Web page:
Wela was beaming. She described all the colorful desserts to me in Spanish, waving her arm across the spread on the table like Vanna White. My grandmother had the biggest sweet tooth of anyone I’d ever known. We were celebrating a new baby. I knew this somehow without question. She smiled, serving me a slice of something topped with almonds. (I guess I’m not allergic to nuts in my dreams.)
When I was awakened abruptly by that scene last fall, my mind lingered there, refusing to let go of the image of a much younger Manuela, standing tall and thin with a huge grin. She shows up like this every few months, in the wee hours of my sleep, to say hello. That’s the only thing I can figure. It was September 12. I wrote it down.
A baby dream, I read, can often symbolize new beginnings. I couldn’t imagine what, but I didn’t spend too much time trying to analyze it because a few weeks later, it was clear as a bell. You see, my brother told me soon after that he was going to be a father. We shed a few quiet tears together, and I listened as he talked himself through this new life-altering realization.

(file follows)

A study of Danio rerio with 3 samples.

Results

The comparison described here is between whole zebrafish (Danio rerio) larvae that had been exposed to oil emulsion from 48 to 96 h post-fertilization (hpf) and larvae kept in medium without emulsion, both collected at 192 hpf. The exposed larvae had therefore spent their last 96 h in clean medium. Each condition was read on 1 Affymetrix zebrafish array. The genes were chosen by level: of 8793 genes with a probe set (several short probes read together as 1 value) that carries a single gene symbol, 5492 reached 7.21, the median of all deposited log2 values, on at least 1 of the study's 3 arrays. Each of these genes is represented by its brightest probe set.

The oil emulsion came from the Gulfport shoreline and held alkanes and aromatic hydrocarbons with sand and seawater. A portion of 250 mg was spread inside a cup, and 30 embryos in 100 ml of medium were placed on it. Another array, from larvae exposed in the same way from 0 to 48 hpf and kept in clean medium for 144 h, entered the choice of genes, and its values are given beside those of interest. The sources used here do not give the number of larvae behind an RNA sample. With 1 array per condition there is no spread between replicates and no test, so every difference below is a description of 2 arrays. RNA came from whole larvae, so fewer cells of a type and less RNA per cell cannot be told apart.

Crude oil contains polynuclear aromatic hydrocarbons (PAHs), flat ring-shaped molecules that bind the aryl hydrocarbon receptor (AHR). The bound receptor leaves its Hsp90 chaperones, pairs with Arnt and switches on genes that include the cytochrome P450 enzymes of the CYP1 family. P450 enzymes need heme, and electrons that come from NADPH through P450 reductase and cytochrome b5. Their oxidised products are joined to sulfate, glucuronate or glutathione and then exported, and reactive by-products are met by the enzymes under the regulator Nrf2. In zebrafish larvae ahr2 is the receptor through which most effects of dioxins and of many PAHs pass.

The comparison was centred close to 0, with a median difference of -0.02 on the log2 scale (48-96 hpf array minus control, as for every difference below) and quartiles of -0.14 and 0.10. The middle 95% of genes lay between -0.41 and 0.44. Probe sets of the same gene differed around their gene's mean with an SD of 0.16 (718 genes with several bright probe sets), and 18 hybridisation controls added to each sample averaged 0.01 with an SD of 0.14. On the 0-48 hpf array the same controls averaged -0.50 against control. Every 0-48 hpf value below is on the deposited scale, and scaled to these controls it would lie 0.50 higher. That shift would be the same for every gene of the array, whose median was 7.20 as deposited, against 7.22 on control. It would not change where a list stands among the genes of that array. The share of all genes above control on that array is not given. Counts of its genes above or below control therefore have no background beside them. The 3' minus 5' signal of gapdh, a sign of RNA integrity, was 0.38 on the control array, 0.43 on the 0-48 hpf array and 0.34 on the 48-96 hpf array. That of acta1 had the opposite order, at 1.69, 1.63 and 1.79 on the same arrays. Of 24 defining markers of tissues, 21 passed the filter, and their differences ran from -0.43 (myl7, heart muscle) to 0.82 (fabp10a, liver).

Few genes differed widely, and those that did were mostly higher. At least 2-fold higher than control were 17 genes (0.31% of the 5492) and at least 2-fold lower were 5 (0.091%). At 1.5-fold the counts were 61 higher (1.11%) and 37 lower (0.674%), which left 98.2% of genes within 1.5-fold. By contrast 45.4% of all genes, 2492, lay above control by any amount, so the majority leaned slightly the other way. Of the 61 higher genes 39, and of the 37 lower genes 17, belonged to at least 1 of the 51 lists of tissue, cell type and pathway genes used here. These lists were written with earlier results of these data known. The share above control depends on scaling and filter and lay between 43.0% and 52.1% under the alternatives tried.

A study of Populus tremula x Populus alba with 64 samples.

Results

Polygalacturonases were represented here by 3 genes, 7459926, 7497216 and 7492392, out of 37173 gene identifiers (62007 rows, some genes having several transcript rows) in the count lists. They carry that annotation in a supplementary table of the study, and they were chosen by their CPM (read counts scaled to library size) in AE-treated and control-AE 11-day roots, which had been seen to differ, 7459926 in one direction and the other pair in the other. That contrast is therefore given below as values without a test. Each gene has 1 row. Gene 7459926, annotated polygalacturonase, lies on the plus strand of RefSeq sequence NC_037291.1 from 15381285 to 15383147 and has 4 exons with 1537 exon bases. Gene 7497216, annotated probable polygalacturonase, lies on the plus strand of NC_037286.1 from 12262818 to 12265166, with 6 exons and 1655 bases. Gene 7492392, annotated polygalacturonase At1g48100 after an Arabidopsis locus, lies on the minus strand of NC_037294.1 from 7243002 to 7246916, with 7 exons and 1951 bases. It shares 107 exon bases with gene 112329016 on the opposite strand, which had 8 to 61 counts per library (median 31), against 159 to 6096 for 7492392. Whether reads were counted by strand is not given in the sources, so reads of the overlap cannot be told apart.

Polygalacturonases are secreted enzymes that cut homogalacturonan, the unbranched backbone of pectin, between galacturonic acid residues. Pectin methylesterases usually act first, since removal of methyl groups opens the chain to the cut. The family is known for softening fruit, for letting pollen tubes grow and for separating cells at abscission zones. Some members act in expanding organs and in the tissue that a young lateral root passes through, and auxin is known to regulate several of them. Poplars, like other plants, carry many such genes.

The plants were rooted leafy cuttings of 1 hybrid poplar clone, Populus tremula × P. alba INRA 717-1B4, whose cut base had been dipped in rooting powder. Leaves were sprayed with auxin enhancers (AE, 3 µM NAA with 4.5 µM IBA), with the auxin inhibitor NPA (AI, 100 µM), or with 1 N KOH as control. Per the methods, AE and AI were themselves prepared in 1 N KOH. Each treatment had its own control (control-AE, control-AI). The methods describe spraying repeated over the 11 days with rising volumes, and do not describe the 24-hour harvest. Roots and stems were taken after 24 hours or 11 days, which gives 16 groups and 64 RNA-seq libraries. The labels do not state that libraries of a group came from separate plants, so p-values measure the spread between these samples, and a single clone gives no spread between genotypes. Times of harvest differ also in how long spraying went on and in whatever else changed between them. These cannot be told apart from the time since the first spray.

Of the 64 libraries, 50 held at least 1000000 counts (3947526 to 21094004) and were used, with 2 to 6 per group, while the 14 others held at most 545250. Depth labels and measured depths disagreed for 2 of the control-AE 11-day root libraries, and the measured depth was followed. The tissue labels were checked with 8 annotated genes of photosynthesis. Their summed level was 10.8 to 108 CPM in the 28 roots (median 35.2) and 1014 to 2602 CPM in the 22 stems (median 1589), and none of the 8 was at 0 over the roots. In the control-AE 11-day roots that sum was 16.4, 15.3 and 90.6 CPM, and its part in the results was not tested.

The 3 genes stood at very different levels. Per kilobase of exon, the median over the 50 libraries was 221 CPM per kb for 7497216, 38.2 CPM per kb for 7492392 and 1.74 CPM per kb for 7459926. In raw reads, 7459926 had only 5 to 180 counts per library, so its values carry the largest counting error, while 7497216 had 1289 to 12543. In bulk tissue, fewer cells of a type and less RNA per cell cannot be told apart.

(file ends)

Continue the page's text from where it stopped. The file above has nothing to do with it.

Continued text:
“It’s going to be OK.” I told him.
“You’re going to be a great dad.”
“I’m here for whatever you need.”
“I love you.”
Earlier this month, my nephew was born. I held him carefully in my arms that first day, staring in awe at that tiny face full of light.
“Welcome,” I whispered. “I’m your tia.”
I thought of Wela in that dream so many months ago. She knew. And she was getting a head start on the celebration.